Having just returned from what seemed like the most expensive country in the world, no, not Switzerland or Norway, but the Republic of Ireland, one of the few things I could afford to eat was the soda bread. Which is a good job, seeing it is served with everything.
And very nice it was too, with a soft 'cakey' texture, slight tang and thin crust.
It was better than any soda bread I had bought and tried here in dear old Blighty, very much like the Guinness which is always better in its home country and which I had to sample for research purposes you understand.
So once back from Ireland and having checked my bank account to see if I had any money left in it, I ventured out to buy the simple ingredients needed for a good traditional soda bread.
After checking a few recipes I decided a more wholesome wheaten bread was the order of the day using wholemeal flour instead of white, this being the distinction in Ireland where white flour = soda bread and wholemeal flour = wheaten bread. This information came from my wife, who being Northern Irish knows a thing or two about soda bread, oh, and potatoes.
Bicarbonate of soda and buttermilk react together to give the rise and airiness to the bread while pinhead oatmeal, a little butter and sugar help with the taste and texture.
The recipe came from one of my favourite cookbooks "Short and Sweet" by Dan Lepard, apart from the buttermilk which I have used instead of Dan's yoghurt.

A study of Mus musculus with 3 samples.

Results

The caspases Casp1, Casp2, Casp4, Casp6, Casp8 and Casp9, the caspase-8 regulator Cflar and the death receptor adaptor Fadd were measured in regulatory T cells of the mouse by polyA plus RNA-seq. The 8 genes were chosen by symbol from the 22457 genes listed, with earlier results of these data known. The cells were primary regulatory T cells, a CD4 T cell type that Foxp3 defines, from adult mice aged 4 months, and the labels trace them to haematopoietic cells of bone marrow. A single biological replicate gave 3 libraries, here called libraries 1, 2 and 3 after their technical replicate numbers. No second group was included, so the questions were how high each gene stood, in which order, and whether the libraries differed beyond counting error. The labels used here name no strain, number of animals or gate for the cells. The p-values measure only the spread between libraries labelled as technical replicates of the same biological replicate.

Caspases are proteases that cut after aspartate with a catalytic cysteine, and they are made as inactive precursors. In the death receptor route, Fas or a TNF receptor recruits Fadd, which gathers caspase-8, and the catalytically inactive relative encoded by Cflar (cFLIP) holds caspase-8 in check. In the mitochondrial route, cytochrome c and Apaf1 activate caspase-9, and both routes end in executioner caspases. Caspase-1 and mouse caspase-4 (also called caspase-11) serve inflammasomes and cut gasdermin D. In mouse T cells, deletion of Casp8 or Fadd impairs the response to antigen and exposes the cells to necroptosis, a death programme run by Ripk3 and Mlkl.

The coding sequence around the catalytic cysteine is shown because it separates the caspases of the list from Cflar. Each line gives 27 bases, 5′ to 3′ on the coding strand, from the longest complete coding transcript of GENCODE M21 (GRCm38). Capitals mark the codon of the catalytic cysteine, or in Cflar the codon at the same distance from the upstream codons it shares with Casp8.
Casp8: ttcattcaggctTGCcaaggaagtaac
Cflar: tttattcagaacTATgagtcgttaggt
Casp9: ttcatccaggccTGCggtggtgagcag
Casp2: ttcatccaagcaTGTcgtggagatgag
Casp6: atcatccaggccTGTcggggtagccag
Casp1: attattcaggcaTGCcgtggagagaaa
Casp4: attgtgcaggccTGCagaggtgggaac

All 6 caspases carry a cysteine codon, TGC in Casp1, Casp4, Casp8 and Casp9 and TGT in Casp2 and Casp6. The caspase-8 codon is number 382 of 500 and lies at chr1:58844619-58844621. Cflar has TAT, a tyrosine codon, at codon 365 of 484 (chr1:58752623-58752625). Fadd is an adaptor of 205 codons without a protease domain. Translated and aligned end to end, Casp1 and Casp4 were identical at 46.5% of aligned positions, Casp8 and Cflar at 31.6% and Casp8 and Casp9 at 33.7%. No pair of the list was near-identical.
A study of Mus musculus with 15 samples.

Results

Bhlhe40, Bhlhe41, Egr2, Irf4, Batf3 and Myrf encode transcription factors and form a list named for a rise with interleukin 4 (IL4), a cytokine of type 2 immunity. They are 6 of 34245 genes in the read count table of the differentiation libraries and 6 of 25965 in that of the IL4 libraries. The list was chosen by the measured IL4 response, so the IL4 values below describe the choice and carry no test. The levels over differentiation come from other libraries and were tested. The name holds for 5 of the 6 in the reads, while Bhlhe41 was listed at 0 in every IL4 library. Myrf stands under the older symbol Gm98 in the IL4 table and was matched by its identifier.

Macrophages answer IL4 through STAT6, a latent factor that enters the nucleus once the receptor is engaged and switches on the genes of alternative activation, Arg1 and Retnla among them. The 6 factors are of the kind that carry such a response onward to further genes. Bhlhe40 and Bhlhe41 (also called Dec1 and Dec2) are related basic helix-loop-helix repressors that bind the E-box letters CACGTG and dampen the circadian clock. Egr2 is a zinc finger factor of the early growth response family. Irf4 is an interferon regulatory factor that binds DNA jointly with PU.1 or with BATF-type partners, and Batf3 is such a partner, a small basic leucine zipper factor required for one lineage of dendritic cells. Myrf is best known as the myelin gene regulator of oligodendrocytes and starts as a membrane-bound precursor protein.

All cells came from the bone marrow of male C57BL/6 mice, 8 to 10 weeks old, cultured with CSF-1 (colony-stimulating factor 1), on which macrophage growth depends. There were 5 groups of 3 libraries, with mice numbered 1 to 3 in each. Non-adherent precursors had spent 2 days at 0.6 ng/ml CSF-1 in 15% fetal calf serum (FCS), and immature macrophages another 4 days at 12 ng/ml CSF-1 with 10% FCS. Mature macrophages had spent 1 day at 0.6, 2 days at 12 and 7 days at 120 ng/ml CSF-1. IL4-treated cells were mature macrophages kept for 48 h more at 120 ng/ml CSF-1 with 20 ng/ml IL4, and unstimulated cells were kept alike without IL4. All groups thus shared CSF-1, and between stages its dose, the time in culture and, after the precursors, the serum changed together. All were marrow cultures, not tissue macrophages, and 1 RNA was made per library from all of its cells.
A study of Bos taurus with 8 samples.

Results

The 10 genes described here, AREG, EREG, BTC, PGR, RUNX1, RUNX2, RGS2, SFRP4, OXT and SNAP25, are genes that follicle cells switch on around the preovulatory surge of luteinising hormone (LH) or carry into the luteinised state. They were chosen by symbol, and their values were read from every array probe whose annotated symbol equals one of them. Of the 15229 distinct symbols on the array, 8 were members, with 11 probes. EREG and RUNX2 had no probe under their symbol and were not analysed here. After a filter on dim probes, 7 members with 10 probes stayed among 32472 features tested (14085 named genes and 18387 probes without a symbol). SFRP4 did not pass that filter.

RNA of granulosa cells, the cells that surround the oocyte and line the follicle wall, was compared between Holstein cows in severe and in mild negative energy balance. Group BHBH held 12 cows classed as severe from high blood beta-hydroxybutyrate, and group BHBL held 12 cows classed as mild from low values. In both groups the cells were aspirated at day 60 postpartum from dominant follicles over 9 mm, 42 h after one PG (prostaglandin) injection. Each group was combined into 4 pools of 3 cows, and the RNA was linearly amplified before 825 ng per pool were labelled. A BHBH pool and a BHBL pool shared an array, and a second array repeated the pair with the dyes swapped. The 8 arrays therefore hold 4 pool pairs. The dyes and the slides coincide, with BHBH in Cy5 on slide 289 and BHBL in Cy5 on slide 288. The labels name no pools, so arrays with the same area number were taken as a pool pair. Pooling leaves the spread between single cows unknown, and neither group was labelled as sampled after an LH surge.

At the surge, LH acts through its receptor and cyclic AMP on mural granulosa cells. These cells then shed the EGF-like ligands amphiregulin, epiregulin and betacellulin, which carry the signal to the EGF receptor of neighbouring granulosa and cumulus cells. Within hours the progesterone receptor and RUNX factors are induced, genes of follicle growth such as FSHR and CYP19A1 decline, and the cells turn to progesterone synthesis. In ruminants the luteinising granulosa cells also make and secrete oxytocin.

Place the water and oatmeal in a saucepan and bring to the boil. Remove from the heat, put on a lid and leave for an hour.
Add the butter and stir to melt. If the butter doesn't melt straight away just add a little heat to the pan and stir through.
Whisk in the buttermilk, cold milk and sugar until it is smooth with no lumps.
Prepare a 20cm square cake tin by brushing with a little butter and lining the base with some baking parchment.
Pre-heat the oven to 200°C/180°C fan.
Mix the flour, bicarb and salt with the oatmeal ‘porridge’ and pour into the tin. Smooth over the top, cover with foil and bake for 15 minutes.
Then remove the foil and continue to bake for another 30 minutes or until a nice golden brown.
Leave in tin for 10 minutes then remove and leave to cool on a cooling rack.
Great with cheeses, cooked meats, smoked salmon, pate, soups or basically anything!